Texas Republicans sought to block a $50 billion Hurricane Sandy relief package in 2013, but that won’t stop Connecticut Democrats from supporting them in their request for emergency funds to help victims of Hurricane Harvey.
“I’m certainly still angry about how these Republicans voted against Sandy aid because they didn’t live here,” said Sen. Chris Murphy. “But just because they did the wrong thing doesn’t mean I’m going to do the wrong thing.”
Sen. Ted Cruz has been excoriated by Democrats and Republicans alike for the role he played during the Sandy funding debate and comments he made this week. He told NBC’s Katy Tur that the funding bill was “filled with unrelated pork,” and two-thirds of the funding “had nothing to do with Sandy.” Both claims were debunked by The Washington Post’s Fact Checker blog.
“There is more than a little irony here in our distinguished friends from Texas advocating disaster relief for their state after so strenuously delaying aid after Sandy,” said Sen. Richard Blumenthal. “But I think the predominant principal is we are all Americans and one country. And we should come to the aid of the Gulf Coast promptly, fully and effectively.”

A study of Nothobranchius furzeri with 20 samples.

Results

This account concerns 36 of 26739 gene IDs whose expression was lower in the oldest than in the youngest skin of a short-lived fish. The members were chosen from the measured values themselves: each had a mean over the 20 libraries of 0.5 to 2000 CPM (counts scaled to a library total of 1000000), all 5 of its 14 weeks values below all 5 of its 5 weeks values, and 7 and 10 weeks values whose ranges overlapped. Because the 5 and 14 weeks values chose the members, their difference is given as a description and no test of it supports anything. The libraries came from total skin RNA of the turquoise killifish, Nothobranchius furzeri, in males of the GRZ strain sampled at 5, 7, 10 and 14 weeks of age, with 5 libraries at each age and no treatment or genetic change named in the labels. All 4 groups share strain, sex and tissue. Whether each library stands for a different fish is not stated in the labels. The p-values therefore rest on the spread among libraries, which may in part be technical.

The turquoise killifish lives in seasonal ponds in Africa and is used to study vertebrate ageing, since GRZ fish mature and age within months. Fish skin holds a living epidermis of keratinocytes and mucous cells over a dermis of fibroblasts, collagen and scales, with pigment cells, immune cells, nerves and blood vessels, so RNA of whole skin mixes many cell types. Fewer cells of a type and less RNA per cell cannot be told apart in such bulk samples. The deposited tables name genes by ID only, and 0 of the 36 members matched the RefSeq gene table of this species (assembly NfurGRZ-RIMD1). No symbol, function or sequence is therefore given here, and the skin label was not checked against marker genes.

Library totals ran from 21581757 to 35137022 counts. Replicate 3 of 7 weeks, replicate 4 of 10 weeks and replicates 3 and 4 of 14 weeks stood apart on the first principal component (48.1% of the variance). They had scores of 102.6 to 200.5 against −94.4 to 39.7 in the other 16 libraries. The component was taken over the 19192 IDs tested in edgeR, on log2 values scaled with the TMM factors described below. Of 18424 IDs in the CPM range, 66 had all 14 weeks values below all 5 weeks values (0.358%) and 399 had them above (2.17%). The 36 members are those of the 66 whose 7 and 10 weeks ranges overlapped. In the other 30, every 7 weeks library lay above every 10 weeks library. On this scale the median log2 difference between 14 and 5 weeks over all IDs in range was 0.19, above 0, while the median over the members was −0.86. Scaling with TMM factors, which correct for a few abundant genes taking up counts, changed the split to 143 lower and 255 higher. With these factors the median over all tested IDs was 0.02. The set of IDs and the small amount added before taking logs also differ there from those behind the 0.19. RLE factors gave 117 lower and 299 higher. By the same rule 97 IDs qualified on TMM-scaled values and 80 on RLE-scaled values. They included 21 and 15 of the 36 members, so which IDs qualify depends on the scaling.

Republican Gov. Chris Christie of New Jersey — which suffered catastrophic damage during Sandy — was less generous, calling Cruz “disgusting” for using “reprehensible lies” to defend his vote against the Sandy relief package.
“He should just stand up now and say, 'You know, what I did was wrong,” Christie said on MSNBC.
The vast majority of the Sandy funding went to New York and New Jersey, with a fraction going to Connecticut. Rep. Peter King, a New York Republican whose Long Island district was battered by Sandy, said he wouldn’t abandon Texas the way Cruz and Texas Republicans abandoned the Northeast.
Murphy said the focus shouldn’t be on relitigating the politics related to Sandy relief, but on making sure the people of Texas get assistance promptly. Bogged down amid partisan bickering, it took 66 days for the Sandy bill to pass the House and the Senate.
A better approach, Murphy said, would be the creation of a revolving fund “that disaster areas could draw upon without Congress.” Money would be put in each year and leftover funds would return to the treasury, he said. If additional money were needed, Congress would appropriate it, Murphy said.
Harvey will require a multibillion-dollar cleanup effort, “and they won’t get the money until Congress works through the messy approval process,” Murphy said.
Blumenthal said disaster relief should be a bipartisan issue and that Harvey is a time for Congress to come together, perhaps building on a relief package to craft a larger infrastructure bill that would contain funds to repair and improve roads, bridges and dams beyond Texas and Louisiana.
“I hope the unifying effect of this humanitarian crisis is an inspiration to do something bigger and broader,” Blumenthal said.